When we say we belong to a particular ethnicity or nationality, we are implicitly saying that we share traits in common with the other members of this group. Or are we saying that the other members of this group share traits in common with us? There is a subtle but important distinction.
In the popular imagination, the formation of an ethnic or national identity is an objective process whereby the members of the group find commonalities amongst themselves and thereby come to regard each other as kinsmen. But people are rarely objective. Our views of ourselves do not necessarily match those others have of us, and our views of them will not always match their self-image.
This is particularly problematic when disparate groups come (or are forced) together to form a larger grouping. Group A may see themselves as kinsmen of group B, but the feeling may not be reciprocated. This is because even though A’s self-image may correspond to their image of B, B’s self-image may not correspond to their image of A. This error can come about in two ways – either one does not fully understand one’s own identity and fills in the blanks from an outside source (so-called “false consciousness”), or one does not fully understand the identity of others and projects one’s own identity onto them. This can be illustrated by considering the relationships between the English, the Scots, and Irish unionists and nationalists (being aware of course that these terms are woefully inadequate).
Many people consider the English and the Scots as kinsmen in a British nation. But if you ask a sample of Englishmen and a sample of Scotsmen to define “Britishness” you will get a wide range of answers. John Major’s famous response to this question – long shadows on cricket grounds and warm beer – would strike most outside observers as a description of Englishness rather than Britishness. In this case an Englishman has projected an English identity onto Britain as a whole. The Scots and the Welsh are less likely to make this error, having a heightened awareness of their relative size and status.
Unionists are often accused of a similar offence, although this time as a minority projecting their own identity onto a much larger group. It has been remarked that the Ulster-Unionist vision of Britishness is not the same one that the English or Scots see, Orangeism being one notable divergence. In addition, many unionists self-identify solely as “British”, without even any regional qualification. This has led to accusations of false consciousness, of adopting another’s identity to replace their own.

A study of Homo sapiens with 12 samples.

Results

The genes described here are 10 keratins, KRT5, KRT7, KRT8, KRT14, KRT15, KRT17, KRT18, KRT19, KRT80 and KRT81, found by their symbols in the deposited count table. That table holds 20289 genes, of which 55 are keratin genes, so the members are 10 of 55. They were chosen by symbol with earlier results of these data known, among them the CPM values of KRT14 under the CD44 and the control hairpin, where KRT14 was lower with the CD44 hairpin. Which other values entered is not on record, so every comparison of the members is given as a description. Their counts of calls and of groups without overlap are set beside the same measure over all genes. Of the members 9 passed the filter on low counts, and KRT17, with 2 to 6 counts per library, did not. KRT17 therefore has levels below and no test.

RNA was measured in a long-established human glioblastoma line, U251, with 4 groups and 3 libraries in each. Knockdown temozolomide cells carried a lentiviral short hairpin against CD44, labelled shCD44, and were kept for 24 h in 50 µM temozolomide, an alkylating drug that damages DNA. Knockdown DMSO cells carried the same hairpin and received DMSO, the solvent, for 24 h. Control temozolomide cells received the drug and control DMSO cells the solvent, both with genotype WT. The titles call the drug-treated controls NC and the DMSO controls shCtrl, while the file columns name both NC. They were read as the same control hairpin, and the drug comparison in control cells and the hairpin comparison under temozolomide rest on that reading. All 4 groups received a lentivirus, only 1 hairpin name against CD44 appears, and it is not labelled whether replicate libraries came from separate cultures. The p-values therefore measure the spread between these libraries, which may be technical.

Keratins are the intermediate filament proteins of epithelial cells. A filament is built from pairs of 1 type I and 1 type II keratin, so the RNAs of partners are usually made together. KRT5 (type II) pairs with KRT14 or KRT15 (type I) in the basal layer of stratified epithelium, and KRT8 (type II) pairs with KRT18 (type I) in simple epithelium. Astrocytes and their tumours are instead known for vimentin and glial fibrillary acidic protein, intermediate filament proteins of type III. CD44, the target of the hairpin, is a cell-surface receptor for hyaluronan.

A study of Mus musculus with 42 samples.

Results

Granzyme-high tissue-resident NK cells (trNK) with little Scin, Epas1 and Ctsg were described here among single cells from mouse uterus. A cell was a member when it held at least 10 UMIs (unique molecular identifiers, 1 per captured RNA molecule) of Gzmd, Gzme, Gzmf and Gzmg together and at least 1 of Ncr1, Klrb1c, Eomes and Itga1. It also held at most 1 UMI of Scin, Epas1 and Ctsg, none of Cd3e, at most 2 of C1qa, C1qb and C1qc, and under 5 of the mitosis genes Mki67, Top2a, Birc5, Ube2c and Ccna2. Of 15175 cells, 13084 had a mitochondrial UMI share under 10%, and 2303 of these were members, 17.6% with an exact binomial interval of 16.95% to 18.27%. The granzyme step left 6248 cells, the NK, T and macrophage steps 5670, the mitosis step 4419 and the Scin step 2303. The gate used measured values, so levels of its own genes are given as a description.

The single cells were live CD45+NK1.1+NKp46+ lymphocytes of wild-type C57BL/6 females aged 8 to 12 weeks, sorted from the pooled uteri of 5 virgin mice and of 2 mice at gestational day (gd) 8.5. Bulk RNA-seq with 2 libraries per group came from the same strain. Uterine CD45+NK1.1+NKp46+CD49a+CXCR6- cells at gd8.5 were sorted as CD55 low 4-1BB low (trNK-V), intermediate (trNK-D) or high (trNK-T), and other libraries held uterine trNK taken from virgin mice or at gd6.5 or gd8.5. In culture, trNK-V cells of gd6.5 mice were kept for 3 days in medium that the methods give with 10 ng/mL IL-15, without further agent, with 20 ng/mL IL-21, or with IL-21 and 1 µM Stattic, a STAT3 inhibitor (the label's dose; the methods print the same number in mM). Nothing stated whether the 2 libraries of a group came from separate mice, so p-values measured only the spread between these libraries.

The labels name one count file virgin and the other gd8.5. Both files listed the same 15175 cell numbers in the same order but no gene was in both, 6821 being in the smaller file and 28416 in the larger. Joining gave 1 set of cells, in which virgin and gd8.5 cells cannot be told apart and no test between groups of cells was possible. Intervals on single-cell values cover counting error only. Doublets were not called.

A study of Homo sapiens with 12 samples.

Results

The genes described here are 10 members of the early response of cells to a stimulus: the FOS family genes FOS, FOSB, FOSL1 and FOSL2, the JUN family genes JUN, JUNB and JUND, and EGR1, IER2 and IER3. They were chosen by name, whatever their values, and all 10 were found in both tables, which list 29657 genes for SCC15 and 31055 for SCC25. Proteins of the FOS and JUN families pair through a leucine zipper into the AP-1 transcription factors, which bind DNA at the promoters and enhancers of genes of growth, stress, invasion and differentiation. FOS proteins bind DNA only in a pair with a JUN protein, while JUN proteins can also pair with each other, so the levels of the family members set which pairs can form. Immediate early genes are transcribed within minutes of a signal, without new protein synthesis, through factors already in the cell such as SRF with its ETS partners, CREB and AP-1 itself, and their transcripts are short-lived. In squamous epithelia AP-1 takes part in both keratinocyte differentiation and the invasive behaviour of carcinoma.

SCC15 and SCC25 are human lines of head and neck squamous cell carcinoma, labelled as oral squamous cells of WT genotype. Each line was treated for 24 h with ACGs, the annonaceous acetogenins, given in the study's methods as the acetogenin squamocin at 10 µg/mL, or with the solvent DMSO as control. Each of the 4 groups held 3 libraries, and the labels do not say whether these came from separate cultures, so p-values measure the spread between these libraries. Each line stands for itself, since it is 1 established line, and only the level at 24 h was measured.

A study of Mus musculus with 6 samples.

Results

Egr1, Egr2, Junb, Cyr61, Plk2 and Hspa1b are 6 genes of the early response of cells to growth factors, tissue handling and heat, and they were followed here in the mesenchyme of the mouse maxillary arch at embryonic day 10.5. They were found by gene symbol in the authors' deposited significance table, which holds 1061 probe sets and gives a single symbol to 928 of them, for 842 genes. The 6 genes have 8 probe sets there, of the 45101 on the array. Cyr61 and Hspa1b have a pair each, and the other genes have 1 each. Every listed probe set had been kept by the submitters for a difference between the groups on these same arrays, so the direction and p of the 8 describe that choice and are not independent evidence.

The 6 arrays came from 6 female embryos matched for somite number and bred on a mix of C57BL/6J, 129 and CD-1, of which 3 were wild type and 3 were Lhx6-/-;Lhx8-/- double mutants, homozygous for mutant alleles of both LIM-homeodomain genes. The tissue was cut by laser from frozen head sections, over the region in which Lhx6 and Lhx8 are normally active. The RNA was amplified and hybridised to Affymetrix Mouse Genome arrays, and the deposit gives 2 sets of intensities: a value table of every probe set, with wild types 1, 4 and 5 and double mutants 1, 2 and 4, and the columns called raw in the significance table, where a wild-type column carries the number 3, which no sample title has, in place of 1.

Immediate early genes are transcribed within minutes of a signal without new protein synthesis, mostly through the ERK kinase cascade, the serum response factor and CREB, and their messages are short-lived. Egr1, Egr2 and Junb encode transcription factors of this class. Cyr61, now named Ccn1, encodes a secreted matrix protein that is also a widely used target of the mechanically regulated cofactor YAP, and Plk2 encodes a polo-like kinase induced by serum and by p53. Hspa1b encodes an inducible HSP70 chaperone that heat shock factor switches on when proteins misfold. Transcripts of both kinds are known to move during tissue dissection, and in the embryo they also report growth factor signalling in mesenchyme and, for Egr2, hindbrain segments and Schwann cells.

But this is a misunderstanding – one only has to watch an international football match to understand that unionists are viscerally aware of the distinction between their own identity and that of the English, Scots and Welsh. The adoption of “British” as a self-identifier is not due to the lack of an identity, but partly at least to the lack of a better name. Euphemisms exist, but none of them are accurate. Bluntly descriptive names exist, but none of them are considered polite.
And yet there is still confusion over symbolism – Union flags and GSTQ are used as local identifiers by Englishmen and unionists alike (in contrast to the Scots and Welsh), suggesting that there is still something partially-formed about both identities. This confusion is infectious – in the Republic, it is my experience that many people think that Unionists believe themselves to be English. But then, people in the Republic have an understanding of the term “British” that no unionist would recognise.
Similarly, nationalists have often been accused of projecting their own identity onto all Irishmen, unionists included. Indeed, the fear of homogenization was one factor behind the creation of a distinct Unionist identity out of previously separate (monarchist) Protestant and (republican) Dissenter factions. Accusing all Nationalists of operating a cultural steamroller is preposterous, not to mention insulting. But the unionist fear of it is very real, and this also drives the adoption of the larger, more powerful, British identity in preference to any local equivalent.
The challenge to both political Unionism and political Nationalism alike is how to build a common identity that can transcend both Ulster Britishness and northern Irishness, when both those local identities define themselves in opposition to the other’s chosen collective identity. “Ulster is British!” and “the Six Counties are Irish!” are both statements of a larger political conflict, where rival states clash over territory. But they are also simultaneously about a smaller identity conflict, where each group refuses on principle to conform to the other’s expectations.